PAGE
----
Bruised from criticism about his energy policies and sky-high gas prices, President Obama came out swinging Tuesday, announcing a new plan aimed at curtailing Wall Street traders bidding up oil prices and profiting off oil market volatility.
The president's proposal calls for an extra $52 million dollars in funding to expand the scope of government oversight, which would include hiring more "cops on the beat," expanding enforcement authority, upgrading technology regulators need to track complex oil markets, and increasing penalties for speculators found guilty of manipulating oil markets illegally, a senior white house official told reporters.
Traders would also have to cough up their own cash to back trades, in essence requiring them to have more skin in the game and hopefully reducing volatility—and price spikes—in oil markets.
But while Obama claimed to have consumers' interests at heart, some critics wrote off the president's proposal as another political ploy designed to distract from the fact that gas prices have surged almost $.50 since January to about $3.90 on average today, a jump Republicans unsurprisingly blame on the president's energy policy.
"The truth is the president's policies are restricting American energy production, and he's looking for a scapegoat," Brendan Buck, spokesman for Speaker John Boehner, told Reuters. "The American people aren't going to buy it."
What's more, even though Obama tried to connect the crackdown on oil speculation with a decrease in gas prices, many experts don't see the connection based on the global nature of oil markets, at least not in the near term.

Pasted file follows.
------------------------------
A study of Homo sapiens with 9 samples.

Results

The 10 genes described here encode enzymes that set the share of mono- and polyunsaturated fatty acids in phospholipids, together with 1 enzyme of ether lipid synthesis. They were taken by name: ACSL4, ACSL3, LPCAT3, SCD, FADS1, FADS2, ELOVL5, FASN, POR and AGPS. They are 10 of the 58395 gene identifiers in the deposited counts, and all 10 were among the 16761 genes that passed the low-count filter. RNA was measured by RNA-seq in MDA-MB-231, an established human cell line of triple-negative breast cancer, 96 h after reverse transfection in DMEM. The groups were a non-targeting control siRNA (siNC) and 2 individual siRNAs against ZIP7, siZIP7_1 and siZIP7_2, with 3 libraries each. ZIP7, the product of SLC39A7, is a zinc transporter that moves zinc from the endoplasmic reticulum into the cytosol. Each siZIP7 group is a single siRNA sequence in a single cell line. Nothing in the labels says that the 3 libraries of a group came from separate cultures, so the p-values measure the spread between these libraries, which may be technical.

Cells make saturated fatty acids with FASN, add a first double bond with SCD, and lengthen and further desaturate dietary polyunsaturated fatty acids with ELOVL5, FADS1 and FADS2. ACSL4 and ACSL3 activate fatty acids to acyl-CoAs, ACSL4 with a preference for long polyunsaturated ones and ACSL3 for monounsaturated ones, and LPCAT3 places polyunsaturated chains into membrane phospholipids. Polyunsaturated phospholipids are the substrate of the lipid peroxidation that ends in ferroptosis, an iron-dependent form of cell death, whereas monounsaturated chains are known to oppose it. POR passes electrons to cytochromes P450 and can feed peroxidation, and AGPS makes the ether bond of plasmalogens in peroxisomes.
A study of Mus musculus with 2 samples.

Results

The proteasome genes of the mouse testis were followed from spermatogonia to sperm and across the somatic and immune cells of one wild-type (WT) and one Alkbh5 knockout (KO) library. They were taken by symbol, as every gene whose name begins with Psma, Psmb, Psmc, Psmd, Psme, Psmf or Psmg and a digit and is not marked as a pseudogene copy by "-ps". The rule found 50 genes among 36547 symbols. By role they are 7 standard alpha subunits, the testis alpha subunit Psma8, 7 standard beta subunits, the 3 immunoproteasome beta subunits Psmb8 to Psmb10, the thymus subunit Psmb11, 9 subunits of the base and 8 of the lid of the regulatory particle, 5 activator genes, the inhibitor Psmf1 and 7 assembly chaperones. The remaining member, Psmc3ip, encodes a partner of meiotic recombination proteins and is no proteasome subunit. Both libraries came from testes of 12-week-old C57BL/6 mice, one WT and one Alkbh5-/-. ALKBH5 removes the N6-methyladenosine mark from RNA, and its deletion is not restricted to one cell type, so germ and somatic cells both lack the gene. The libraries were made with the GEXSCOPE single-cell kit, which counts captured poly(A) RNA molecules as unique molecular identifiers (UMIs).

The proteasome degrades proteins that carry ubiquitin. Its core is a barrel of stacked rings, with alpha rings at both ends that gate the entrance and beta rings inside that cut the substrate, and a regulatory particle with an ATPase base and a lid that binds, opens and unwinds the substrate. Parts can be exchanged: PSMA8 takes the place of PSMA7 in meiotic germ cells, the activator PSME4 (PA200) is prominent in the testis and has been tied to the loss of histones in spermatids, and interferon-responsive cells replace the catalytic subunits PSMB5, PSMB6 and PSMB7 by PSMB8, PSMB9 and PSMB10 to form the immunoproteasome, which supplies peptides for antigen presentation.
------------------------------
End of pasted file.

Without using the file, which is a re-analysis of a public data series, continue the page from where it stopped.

"The problem is [connecting] what he's doing and the price of gas going down," CNN chief business correspondent Ali Velshi said Tuesday. "I can't come to the same conclusion." Oil prices are high because of a variety of reasons including increased demand worldwide and tensions in the Middle East, he said. "None of what the president said today changes that," Velshi added.
Still, Velshi admitted that reforming how oil market trading is regulated is probably a good thing, even if consumers' won't necessarily reap immediate benefits. And while he championed the crackdown on oil trading as a way to help ease financial stress on consumers, President Obama himself conceded that the numbers Americans see at the gas pump won't go down overnight as a result of his new plan.
"None of these steps by themselves will bring gas prices down overnight," he said, reaffirming his administration's commitment to alternative energy sources and increased fuel efficiency. "But it will prevent market manipulation and make sure we're looking out for American consumers."